The clear highlight of Who Is America?’s premier was the final segment: a nauseating series of interviews with American gun advocates, eagerly endorsing programs like arming preschool-aged children with firearms. Among the writhing snake pit featured in this part of the show, one particularly notable serpent, the Virginia Citizens Defense League’s Philip Van Cleave, slithered out of the group with distinction.
During his interview with show creator Sacha Baron Cohen (in his prosthetic-and-makeup heavy role as supposed Israeli anti-terror expert, Erran Morad), Van Cleave merrily played along with a discussion that resulted in him saying that children could be “very effective soldiers” because they haven’t yet learned right from wrong and endorsing a program where preschoolers learn how to “stop these naughty men and have them take a long nap” with a little help from firearms.
Now, a long, unconvincing statement about the shoot has been discovered by The Daily Beast. Written by Van Cleave back in February and posted on the Virginia Citizens Defense League’s Facebook page, it runs roughly 1,400 words and was penned in an effort to protect others like him from being tricked by the “EXTREMELY WELL FUNDED PROFESSIONALS” behind Who Is America?
As you might expect, the post is full of remarkable passages, such as Van Cleave describing how the show’s creators “use psychological manipulation, as well as lies and tricks to put their victim into comedic situations that subject them to public shame, embarrassment, and ridicule.” How these tricks lead to a man singing a nursery rhyme song that teaches toddlers how to take down terrorists in a gunfight (“aim at the head, shoulders, not the toes/not the toes”) is anyone’s guess. But Van Cleave would like you to know, too, that finding himself in a situation where he advertises a catalog of “Kinderguardian” weapons featuring firearms nestled inside stuffed animals relates, in some way, to Harvey Weinstein and Michael Moore planning a movie that would “discredit gun owners and leaders for years by tricking people and using creative editing techniques to make them look foolish or idiotic.”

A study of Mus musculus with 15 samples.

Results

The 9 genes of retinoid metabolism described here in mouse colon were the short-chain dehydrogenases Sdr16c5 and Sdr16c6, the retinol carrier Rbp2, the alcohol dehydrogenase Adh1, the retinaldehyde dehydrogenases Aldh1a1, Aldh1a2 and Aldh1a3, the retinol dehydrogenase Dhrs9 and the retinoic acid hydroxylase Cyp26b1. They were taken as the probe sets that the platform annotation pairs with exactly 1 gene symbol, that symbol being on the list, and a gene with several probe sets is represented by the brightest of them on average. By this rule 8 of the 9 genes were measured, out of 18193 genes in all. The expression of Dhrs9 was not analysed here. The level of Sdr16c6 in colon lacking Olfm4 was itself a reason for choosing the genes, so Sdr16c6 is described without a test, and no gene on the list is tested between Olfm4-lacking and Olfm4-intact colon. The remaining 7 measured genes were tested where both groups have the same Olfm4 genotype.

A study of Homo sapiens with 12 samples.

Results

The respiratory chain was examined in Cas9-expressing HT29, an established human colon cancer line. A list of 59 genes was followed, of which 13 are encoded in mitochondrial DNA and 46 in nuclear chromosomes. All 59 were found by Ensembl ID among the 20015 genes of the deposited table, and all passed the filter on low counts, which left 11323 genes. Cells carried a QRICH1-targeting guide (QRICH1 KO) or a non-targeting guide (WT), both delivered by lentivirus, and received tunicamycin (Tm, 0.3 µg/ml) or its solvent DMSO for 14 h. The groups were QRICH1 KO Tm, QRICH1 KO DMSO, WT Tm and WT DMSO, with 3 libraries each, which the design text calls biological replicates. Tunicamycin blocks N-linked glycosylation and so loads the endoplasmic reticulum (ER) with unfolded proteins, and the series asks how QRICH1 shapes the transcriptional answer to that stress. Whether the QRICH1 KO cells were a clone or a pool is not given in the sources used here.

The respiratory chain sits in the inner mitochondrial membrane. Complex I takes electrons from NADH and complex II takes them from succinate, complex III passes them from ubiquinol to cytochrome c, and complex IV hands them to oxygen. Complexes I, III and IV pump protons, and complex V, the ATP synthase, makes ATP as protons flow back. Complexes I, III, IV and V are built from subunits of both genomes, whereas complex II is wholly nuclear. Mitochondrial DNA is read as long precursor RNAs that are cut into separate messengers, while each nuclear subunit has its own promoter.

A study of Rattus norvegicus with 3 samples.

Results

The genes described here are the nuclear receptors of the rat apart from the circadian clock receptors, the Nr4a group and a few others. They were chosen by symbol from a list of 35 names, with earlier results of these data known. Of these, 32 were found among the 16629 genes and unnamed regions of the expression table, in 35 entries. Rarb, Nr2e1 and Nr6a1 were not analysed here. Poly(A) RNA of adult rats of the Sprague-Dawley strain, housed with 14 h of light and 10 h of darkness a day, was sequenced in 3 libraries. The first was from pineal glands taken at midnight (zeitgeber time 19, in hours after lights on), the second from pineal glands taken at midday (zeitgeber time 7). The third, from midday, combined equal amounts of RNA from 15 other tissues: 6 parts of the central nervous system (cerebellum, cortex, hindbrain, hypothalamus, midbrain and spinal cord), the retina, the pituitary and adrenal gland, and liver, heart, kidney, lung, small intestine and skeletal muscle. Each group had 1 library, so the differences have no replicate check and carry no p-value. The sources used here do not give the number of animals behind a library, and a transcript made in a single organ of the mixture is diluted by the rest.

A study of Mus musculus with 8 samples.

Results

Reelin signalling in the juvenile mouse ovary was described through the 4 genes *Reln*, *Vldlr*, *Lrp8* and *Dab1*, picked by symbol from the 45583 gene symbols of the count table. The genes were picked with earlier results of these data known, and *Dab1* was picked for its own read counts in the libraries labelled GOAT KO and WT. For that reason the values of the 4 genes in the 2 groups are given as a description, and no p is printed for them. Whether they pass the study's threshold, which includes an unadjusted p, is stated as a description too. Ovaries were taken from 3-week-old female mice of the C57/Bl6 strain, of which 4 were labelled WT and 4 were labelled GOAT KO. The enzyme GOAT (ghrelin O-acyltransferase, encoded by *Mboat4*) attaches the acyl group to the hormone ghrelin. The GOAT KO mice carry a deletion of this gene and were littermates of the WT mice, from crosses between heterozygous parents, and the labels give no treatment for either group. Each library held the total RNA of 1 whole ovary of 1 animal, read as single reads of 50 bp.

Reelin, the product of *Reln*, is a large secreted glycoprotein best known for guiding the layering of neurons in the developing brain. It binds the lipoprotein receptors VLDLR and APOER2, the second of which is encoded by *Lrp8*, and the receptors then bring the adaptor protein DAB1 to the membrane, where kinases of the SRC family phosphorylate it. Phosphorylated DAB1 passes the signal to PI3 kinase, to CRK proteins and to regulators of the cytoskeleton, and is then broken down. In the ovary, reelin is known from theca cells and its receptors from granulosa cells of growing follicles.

Van Cleave goes on to describe how he started to suspect the show wasn’t entirely legitimate when told about an Israeli child who emerged victorious in a firefight, noting that “4-year-olds can hold a gun and fire it with supervision, but not take on terrorists, and especially manage to shoot and kill two of them.” While he was worried that he may be filming “a ‘mocumentary,’ by someone like Michael Moore, or, even worse, a Sacha Baron Cohen-esq ‘Borat’-type of shock comedy [sic] meant to be devastatingly embarrassing and humiliating to the victim in the crosshairs,” Van Cleave continued to participate because he thought that would help him “find out who was behind this and where this was going.” By the time he finished shooting, he concluded that “in the end we played each other and I confirmed what I feared this was all about.”
Read the full post below to enjoy the full scope of Van Cleave’s defense and to find yourself entirely convinced by the viewpoint of a man who believes that lending his name, voice, and image to a guns-for-kids infomercial was somehow part of a logical plan to advance the pro-firearms agenda. A clear victory for his cause. (You can also listen to him read it, if you’ve got nine minutes to spare.)